Of course swimmers need to breathe while swimming! But breathing correctly can be a challenge for an inexperienced swimmer. On top of that, a bad breathing habit can take real effort to change.

My granddaughter, Bailey, who is swimming with NOVA in Richmond, has been working to exhale during her stroke cycle and it hasn’t been easy for her. (Full disclosure: Bailey is also a gymnast, soccer and tennis player, and a budding equestrian – which means swimming is on her schedule but might not end up as her first choice for a sport.)

Watching her struggle to master this important swimming skill, I was reminded that knowing the cues for breathing can make a real difference in perfecting breathing. Let’s start with the basics.

How are breathing and non-breathing strokes different? 

A breathing stroke cycle in freestyle is identical to a non-breathing cycle – with one exception. A breathing cycle includes enough head rotation to position the mouth just above the surface to allow breathing. Unfortunately, it is very tempting for a new or inexperienced swimmer to lift the head (by extending the neck) instead of turning (rotating) it. Many adults who are new to competitive swimming will do this naturally.

But lifting the head impacts the stroke in a number of unhelpful ways. It interferes with your stroke by increasing drag (the resistance of the water), changes your body position (when you lift your head your torso and legs drop), and requires additional time to drop your head to a more streamlined position and begin the next stroke.


Figure 1

As the arm on the breathing side begins to exit the water, you inhale. Breathing is completed by the time the arm passes the shoulders (at the end of the exit phase). (See Figure 2 below.)


As the arm moves past the shoulders (and begins the entry phase), the head rotates back to the non-breathing position.  (See Figure 3 below.)


Figure 3

Some swimmers (like Bailey) will hold their breath and when they rotate their head they will both exhale and inhale. This creates a timing problem because the swimmer can’t exhale and inhale before the head rotates back to the nonbreathing position. It only takes inhaling a big mouthful of water once to make exaggerating the head rotation or lifting the head a regular part of your breathing technique.

Instead, you can exhale the entire time the head is in the non-breathing position. If you exhale completely when your head is in the non-breathing position, you will be able to inhale more quickly and efficiently. (See Figure 4 below.)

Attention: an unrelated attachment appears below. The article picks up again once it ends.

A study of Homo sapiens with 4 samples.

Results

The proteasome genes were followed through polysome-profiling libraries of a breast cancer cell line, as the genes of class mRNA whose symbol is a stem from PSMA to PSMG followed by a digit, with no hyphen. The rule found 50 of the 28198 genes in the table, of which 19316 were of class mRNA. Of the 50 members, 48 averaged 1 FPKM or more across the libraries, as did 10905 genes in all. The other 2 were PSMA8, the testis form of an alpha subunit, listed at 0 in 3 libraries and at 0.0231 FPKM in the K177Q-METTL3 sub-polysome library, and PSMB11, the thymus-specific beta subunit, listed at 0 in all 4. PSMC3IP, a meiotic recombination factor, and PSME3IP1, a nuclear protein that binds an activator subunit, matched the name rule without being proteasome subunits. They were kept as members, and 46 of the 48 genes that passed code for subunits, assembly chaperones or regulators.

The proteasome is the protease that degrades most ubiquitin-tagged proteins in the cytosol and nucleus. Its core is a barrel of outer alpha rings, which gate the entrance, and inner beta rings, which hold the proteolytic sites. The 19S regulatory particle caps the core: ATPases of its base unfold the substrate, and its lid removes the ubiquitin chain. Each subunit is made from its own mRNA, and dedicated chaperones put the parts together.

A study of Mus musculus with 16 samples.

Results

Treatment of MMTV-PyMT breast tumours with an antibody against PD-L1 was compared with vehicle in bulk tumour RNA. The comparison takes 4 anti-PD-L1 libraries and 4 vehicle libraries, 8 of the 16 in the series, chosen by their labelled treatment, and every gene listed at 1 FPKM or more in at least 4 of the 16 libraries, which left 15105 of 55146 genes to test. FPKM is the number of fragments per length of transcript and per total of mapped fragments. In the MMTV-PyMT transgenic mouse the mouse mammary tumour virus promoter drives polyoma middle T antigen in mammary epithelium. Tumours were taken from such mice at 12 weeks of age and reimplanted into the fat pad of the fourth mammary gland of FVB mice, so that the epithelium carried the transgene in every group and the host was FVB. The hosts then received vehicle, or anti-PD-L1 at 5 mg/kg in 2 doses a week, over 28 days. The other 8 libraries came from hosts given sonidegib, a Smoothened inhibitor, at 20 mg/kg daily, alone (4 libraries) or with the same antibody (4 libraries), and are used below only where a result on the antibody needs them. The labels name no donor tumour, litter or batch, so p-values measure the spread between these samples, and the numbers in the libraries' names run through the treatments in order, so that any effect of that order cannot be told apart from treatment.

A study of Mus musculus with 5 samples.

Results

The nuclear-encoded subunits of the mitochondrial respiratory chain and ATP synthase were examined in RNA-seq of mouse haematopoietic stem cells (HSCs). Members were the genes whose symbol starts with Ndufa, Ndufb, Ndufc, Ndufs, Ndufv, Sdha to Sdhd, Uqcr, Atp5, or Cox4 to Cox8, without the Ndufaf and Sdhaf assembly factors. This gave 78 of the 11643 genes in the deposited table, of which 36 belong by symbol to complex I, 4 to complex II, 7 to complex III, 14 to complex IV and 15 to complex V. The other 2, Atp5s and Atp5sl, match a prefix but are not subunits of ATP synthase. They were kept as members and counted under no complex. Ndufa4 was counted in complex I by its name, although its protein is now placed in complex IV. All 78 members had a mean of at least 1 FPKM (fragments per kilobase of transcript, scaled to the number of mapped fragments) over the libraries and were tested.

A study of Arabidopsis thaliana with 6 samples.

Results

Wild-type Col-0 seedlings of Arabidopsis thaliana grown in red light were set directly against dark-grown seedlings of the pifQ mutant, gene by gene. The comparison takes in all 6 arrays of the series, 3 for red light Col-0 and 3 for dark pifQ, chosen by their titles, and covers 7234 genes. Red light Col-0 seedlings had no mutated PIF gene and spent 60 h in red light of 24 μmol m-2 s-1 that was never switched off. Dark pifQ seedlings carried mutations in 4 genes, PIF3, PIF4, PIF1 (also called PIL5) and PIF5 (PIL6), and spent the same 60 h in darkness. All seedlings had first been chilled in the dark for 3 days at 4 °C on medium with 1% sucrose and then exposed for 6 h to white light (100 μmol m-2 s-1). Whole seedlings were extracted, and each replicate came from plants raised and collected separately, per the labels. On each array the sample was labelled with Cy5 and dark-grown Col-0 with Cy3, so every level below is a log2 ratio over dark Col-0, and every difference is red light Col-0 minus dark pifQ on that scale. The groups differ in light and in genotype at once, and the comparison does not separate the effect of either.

Figure 4

So, how far do you rotate your head to breathe?

Many (actually, most) swimmers rotate their heads too far!  A few Swim Cues will help you figure out exactly what you are doing, or need to do next.

As you rotate your head to the side to breathe, look for the surface of the water to come into view. As soon as you can see the surface, stop rotating your head and check if the lower corner of your mouth is touching the surface. If so, you should be able to breathe without inhaling any water. If not, you need to rotate your head slightly more, while staying visually focused on the surface.

      SwimCue 1: See the surface of the water.

      SwimCue 2: Feel the water at the corner of your mouth.

As you are looking underwater through both goggles in the non-breathing head position, rotate your head to breathe.  Check that you are looking underwater through one goggle and above the surface through the other goggle.

It is important to only rotate the head to breathe. Many swimmers will drop their head, and some will slightly lift their head.

  • If a swimmer only rotates the head, he/she will be looking to the side at a point directly opposite the position of the head.
  • If the head is raised (neck extended) during rotation, the swimmer will see a point slightly in front of the head.
  • If the head is dropped (neck flexed) during rotation, the swimmer will see a point slightly behind the head.

 What to do? Practice your breathing on every swim.

When you are taking a breath, the hand on the side opposite the breathing side often moves laterally (away from the body) to stabilize the body. While this motion is natural, it is not effective.

To correct this and make your breathing technique most effective, you will need to practice numerous non-breathing repetitions. On each non-breathing repetition, focus on both the visual and kinesthetic cues of the arm entry and pull, so that on a breathing stroke you can comply with effective motions by only relying on the kinesthetic cues. (For a free download of the complete list of Freestyle SwimCues, click here.)

It is not necessary – or even preferred – to alternate breathing and non-breathing strokes.   While breathing on both sides can improve perception and help a swimmer to gain symmetry, there is no guarantee that it will help you swim faster.  No matter how often you breathe, it is always important to check the cues to assure a symmetrical stroke.

So what’s the bottom line?

If you develop a fast and efficient breathing motion, the body position will not be distorted and you will be able to breathe whenever it is necessary.  Breathing every right arm or every left arm should not generate extra resistance or negatively impact performance.

Want to learn more cues?  Click here for a free download of the complete list of Freestyle SwimCues.

You can also visit the Swimming Technology Research Science pages to learn more.